This article was originally published by Radio Free Europe/Radio Liberty and is reprinted with permission.
Beijing has rejected what it called “slanderous attacks” against China about living conditions for Muslim Uyghurs and other minorities in its western region of Xinjiang.
Chinese Foreign Minister Wang Yi told the United Nations Human Rights Council in Geneva that Uyghurs and other minorities living in Xinjiang enjoy freedom of religion and labor rights.
While other countries are considering possible actions over allegations that China is committing “genocide” against Uyghurs, Wang described Beijing’s treatment of ethnic minorities in Xinjiang as a “shining example” of China’s human rights progress.
Activists and UN rights experts say at least a million Muslims have been detained at camps in the remote region.
Beijing initially denied the existence of the camps. But faced with substantial evidence, it now claims the camps are there to provide vocational training. It also says the camps are needed to fight Islamic extremism.
Earlier on February 22, British Foreign Secretary Dominic Raab denounced what he described as torture, forced labor, and sterilizations against Uyghurs on an “industrial scale” in Xinjiang.
“The situation in Xinjiang is beyond the pale,” Raab said.
Germany’s Foreign Minister Heiko Maas said: “Our commitment to the Universal Declaration of Human Rights also leaves no room for the arbitrary detention of ethnic minorities like the Uyghurs in Xinjiang or China’s crackdown on civil liberties in Hong Kong.”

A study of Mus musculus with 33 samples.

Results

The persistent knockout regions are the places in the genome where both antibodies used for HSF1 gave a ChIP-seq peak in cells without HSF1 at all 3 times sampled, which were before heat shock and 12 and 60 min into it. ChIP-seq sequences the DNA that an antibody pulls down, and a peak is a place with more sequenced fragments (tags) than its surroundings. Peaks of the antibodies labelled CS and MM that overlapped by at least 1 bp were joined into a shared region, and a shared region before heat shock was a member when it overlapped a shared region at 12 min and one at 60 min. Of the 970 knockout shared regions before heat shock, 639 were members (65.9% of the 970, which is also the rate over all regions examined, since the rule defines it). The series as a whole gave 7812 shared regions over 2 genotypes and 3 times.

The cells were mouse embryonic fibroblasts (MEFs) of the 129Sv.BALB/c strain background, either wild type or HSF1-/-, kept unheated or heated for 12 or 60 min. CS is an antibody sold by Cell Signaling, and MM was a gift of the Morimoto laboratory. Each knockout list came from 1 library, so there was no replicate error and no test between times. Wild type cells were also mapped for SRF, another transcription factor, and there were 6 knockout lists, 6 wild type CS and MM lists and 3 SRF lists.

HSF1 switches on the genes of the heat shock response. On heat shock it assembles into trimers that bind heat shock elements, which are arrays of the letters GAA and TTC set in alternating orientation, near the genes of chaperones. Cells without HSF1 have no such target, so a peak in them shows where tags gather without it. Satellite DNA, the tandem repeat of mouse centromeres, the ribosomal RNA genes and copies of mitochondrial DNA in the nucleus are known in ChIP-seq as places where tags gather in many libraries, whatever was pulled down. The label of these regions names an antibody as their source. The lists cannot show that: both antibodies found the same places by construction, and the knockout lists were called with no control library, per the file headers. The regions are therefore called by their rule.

But Wang told the UN Human Rights Council that Beijing was conducting its counterterrorism measures in accordance with the law. He said Xinjiang was now experiencing “social stability and sound development” after four years without any “terrorist case.”
He also said that 24,000 mosques are allowed to operate in Xinjiang.
“These basic facts show that there has never been so-called genocide, forced labor, or religious oppression in Xinjiang,” Wang said.
U.S. President Joe Biden’s administration In January endorsed a last-minute determination by the Trump administration that China had committed genocide in Xinjiang. Biden has said the United States must be prepared to impose costs on China.
The office of UN rights chief Michelle Bachelet is in the midst of negotiations of terms for a team of observers to access China.
Wang on February 22 invited UN monitors to scrutinize the situation in Xinjiang. But he did not provide a timetable for his invitation.
“The door to Xinjiang is always open,” Wang said. “China also welcomes the High Commissioner for Human Rights to visit Xinjiang.”